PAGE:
Omanathinkal Kidavo



The lullaby was composed (1813) by Thampi at the request of the then ruler of Travancore, Maharani Gowri Lakshmi Bayi, to put the baby King Swathi Thirunal to sleep. His birth was a long-awaited event for the royal family since it faced the threat of being annexed into British India under the Doctrine of Lapse for the want of a male heir. The lyrics of the poem reflect this sense of relief when it refers to the baby as a 'treasure from God' and 'the fruit of the tree of fortune'.[2][3]


Originally composed in the Kurinji raga (melodic mode) and set to Adi tala (metre), it is most often performed in the Navaroj or Nilambari ragas.[1][2] An interesting feature of this lullaby is that it doesn't mention the word sleep in it. The sleep is thus induced by the effect of the raga.[4] The song lends itself well to the expressions of the navarasas and is therefore often set to dance.[5]

Lyrics and translation[edit]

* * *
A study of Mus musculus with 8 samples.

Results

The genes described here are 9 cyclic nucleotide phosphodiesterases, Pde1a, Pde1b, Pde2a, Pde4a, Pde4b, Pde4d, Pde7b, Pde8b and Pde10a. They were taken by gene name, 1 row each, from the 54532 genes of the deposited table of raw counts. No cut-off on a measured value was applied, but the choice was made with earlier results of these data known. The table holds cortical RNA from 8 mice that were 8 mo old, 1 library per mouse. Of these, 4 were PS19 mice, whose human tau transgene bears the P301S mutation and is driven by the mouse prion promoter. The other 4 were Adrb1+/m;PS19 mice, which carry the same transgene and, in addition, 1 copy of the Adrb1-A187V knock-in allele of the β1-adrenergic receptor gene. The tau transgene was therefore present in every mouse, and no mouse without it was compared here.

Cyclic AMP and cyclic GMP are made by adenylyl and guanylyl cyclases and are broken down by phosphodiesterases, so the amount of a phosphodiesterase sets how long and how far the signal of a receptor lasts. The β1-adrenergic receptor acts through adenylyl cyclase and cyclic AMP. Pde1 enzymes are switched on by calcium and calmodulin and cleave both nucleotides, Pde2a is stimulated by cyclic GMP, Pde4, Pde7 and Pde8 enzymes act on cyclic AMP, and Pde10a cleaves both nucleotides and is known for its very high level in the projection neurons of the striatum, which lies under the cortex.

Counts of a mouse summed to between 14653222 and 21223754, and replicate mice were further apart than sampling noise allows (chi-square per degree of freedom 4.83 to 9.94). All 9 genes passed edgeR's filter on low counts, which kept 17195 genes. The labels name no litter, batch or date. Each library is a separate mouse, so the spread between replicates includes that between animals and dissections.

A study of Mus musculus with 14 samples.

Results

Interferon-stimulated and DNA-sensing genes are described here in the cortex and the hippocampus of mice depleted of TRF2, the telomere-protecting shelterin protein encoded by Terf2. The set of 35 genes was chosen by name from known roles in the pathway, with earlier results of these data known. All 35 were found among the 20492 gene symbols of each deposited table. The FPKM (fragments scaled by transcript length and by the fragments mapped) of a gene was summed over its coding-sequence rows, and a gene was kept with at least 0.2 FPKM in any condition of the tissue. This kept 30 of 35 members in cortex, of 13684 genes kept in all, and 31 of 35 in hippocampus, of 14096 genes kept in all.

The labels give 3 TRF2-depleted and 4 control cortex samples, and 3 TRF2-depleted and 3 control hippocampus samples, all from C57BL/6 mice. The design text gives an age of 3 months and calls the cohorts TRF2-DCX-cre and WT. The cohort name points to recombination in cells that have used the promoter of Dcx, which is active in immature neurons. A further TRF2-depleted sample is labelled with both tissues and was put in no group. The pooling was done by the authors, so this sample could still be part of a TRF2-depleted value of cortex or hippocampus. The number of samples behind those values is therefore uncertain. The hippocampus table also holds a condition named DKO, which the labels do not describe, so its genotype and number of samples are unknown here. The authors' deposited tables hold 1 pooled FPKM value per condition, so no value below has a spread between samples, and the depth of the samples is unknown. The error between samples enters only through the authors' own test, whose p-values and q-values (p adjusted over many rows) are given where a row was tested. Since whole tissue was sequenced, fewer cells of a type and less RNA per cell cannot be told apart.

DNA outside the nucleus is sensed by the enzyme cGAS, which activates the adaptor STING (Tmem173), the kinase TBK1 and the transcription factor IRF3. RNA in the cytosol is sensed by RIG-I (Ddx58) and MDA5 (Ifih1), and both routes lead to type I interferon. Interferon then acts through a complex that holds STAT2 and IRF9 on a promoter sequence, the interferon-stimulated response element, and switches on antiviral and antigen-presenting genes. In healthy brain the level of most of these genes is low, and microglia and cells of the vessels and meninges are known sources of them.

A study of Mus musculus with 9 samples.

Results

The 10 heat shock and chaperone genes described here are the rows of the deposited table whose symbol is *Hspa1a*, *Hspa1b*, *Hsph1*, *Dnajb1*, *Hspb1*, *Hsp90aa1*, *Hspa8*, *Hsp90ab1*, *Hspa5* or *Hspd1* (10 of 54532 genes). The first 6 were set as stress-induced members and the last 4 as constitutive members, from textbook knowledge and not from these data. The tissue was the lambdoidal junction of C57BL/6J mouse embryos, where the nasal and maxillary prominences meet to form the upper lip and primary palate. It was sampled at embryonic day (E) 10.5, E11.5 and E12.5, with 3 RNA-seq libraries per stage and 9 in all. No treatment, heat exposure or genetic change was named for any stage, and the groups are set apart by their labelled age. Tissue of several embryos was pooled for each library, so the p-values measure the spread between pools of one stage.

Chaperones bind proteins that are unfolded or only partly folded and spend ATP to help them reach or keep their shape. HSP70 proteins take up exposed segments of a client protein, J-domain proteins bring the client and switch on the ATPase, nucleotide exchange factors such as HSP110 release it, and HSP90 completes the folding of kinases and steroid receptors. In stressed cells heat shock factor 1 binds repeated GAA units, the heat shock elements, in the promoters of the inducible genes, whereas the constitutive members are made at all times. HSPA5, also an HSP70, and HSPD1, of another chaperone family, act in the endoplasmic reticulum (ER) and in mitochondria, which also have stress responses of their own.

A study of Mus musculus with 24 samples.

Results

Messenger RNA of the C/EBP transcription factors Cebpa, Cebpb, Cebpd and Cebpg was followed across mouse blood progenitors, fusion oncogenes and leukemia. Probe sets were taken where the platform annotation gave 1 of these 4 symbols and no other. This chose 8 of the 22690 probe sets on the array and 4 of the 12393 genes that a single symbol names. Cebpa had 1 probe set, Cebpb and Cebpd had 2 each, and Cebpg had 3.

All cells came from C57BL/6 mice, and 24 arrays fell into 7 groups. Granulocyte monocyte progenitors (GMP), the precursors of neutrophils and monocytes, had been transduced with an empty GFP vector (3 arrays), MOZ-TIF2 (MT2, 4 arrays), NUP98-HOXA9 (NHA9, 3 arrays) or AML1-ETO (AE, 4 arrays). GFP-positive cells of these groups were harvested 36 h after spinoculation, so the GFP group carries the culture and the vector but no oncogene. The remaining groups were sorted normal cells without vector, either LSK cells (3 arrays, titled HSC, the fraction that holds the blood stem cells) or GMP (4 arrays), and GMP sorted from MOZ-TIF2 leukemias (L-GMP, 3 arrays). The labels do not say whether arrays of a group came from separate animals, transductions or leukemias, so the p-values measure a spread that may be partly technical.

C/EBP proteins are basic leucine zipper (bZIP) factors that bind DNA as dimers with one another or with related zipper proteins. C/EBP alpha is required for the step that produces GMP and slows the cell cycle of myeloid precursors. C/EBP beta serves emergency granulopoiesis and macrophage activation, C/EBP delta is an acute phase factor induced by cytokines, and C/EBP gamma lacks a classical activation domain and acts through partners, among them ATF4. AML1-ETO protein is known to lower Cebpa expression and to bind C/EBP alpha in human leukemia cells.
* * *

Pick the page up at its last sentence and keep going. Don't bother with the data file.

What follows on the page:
The Irayimman Thampi Memorial Trust alleged that the first eight lines of the Oscar nominee Bombay Jayashri's song 'Pi's Lullaby' in the film Life of Pi were not an original composition but a translation into Tamil of the Omanathinkal Kidavo. The song had been nominated in the Original Song category for the Oscar Awards of 2013. Jayashri however maintained that she merely wrote what had come to her heart and denied the allegation against her.[7][8]


  1. ^ a b "Lullaby composed for Swathi: Omana Thingal". Retrieved 10 November 2012.
  2. ^ a b Narayanaswami, P P. "Omana Thingal Kidavo." Retrieved 10 November 2012.
  3. ^ "Evocative rendition". The Hindu. 22 February 2008. Archived from the original on 28 February 2008. Retrieved 10 November 2012.
  4. ^ Nair, A S. "A Royal Lullaby" (PDF). Retrieved 10 November 2012.
  5. ^ "Expressive steps". The Hindu. 2 March 2012. Retrieved 10 November 2012.
  6. ^ "Omana Thinkal Kidavo - Fox Strangeways". Retrieved 10 November 2012.
  7. ^ "Controversy over Bombay Jayashri's Oscar-nominated song Pi's Lullaby". DNA. 13 January 2013. Retrieved 14 January 2013.
  8. ^ "Pi's lullaby: Bombay Jayashri denies allegations of plagiarism". The Hindu. 13 January 2013. Retrieved 14 January 2013.